After nine years of planning and lobbying, filled with threats of shutting down Charleston’s National Guard base, construction on a new bridge entrance to Coonskin Park will begin within the next couple months.
“The legal stuff’s behind us and we’re moving forward,” said Carrie Bly, a spokeswoman for the West Virginia Division of Highways, which is overseeing the project.
Brent Walker, communications director for the DOH, said construction could begin as early as May, but certainly would begin by mid-July.
Bly said the DOH had just completed pre-construction meetings with the contractor and that prep work on the site, at the north end of the park, would begin in the next few weeks. Construction is expected to take about 15 months, for an October 2015 completion date, Bly said.
The project cleared its final logistical hurdle Thursday, when the state Board of Public Works approved the transfer of 1.2 acres along the Elk River from the Kanawha County Parks and Recreation Board to the DOH.
The Board of Public Works is made up of the six elected officials (governor, secretary of state, auditor, treasurer, attorney general and agriculture commissioner) and the superintendent of schools. The board must approve all transfers, purchases and sales of state-owned property.
The board previously had transferred property for the bridge project in December.
“This will be a much better entrance and exit to the park,” said retired U.S. Army Maj. Gen. Allen Tackett, former leader of the West Virginia National Guard, who began the push for the bridge in 2005. Tackett pointed out that the new entrance will be much closer to the park’s golf course and swimming pool and won’t bring all park traffic through picnic areas.
Swank Construction Co., of New Kensington, Pa., will build the bridge, at a cost of $6.2 million. Swank’s bid was significantly less than initial cost estimates of $9 million to $11 million.
Swank also is in charge of the bridge’s design.
While the design is not yet finalized, Walker said it will be a continuous steel-girder bridge, similar to the recently completed Dick Henderson Bridge, connecting Nitro and St. Albans. The bridge will have a concrete deck, two lanes for traffic and a pedestrian walkway. There will be no piers in the water below.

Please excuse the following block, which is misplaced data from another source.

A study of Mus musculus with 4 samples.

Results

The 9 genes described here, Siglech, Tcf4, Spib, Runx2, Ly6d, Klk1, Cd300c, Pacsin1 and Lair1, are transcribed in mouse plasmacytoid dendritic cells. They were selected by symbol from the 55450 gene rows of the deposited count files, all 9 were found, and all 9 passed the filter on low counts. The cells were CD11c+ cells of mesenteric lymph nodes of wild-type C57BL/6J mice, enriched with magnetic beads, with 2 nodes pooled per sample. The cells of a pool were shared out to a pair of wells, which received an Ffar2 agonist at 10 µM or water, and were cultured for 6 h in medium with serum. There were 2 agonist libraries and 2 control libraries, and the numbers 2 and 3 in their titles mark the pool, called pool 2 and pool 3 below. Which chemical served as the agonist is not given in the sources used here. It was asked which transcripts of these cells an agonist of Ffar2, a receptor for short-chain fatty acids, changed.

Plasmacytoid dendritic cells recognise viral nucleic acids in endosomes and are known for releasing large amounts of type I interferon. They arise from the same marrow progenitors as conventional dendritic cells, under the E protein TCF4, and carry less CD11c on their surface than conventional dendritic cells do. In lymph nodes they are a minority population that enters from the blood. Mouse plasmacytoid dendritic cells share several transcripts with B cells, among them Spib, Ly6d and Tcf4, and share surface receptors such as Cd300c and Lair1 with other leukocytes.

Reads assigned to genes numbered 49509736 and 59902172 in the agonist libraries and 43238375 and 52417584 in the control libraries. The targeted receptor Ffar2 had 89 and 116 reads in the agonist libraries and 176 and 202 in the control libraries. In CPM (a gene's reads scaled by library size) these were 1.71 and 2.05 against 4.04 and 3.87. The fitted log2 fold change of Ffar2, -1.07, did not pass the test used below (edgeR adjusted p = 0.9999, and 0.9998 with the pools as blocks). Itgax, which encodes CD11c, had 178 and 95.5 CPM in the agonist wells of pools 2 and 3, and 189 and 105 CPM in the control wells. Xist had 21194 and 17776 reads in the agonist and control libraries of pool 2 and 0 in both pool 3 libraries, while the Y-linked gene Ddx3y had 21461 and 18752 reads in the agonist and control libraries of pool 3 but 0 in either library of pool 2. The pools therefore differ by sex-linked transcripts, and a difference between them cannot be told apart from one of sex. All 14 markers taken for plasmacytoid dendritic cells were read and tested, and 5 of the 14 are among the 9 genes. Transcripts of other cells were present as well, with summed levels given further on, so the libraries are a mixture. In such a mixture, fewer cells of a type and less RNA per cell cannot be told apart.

It will be made of weathering steel, an alloy that develops a stable, rust-like patina over time. Weathering steel, also used on the New River Gorge Bridge, saves money because it does not need to be painted.
The bridge will cross the Elk River at the far north end of Coonskin Park, connecting the park with Pennsylvania Avenue, about a half mile northeast of the Mink Shoals exit of Interstate 79.
The project is jointly funded by Kanawha County, state taxpayers, the National Guard and Yeager Airport.
State and county officials have been pushing for the bridge since 2005, when the federal Base Realignment and Closure [BRAC] Commission recommended shutting down the 130th Airlift Wing, located at Yeager Airport and near Coonskin Park. The commission said there were security issues with having a public road, Coonskin Drive, bisect the Guard complex. Once the bridge is completed, Coonskin Drive will be used only for National Guard traffic.
After the Guard base was slated for closure in 2005, there were initial plans of federal funding for a new bridge. However, after the death of Sen. Robert C. Byrd, D-W.Va., those plans did not materialize.
There’s no guarantee the base will be safe if there’s another round of base closures, but the completion of the bridge puts it in a much stronger position, Tackett said.
“We have mitigated everything that was in the 2005 BRAC that would have caused the base to be closed,” he said. “It’s a win-win for the park.”
Staff writer Phil Kabler contributed to this report.
Reach David Gutman at email@example.com or 304-348-5119.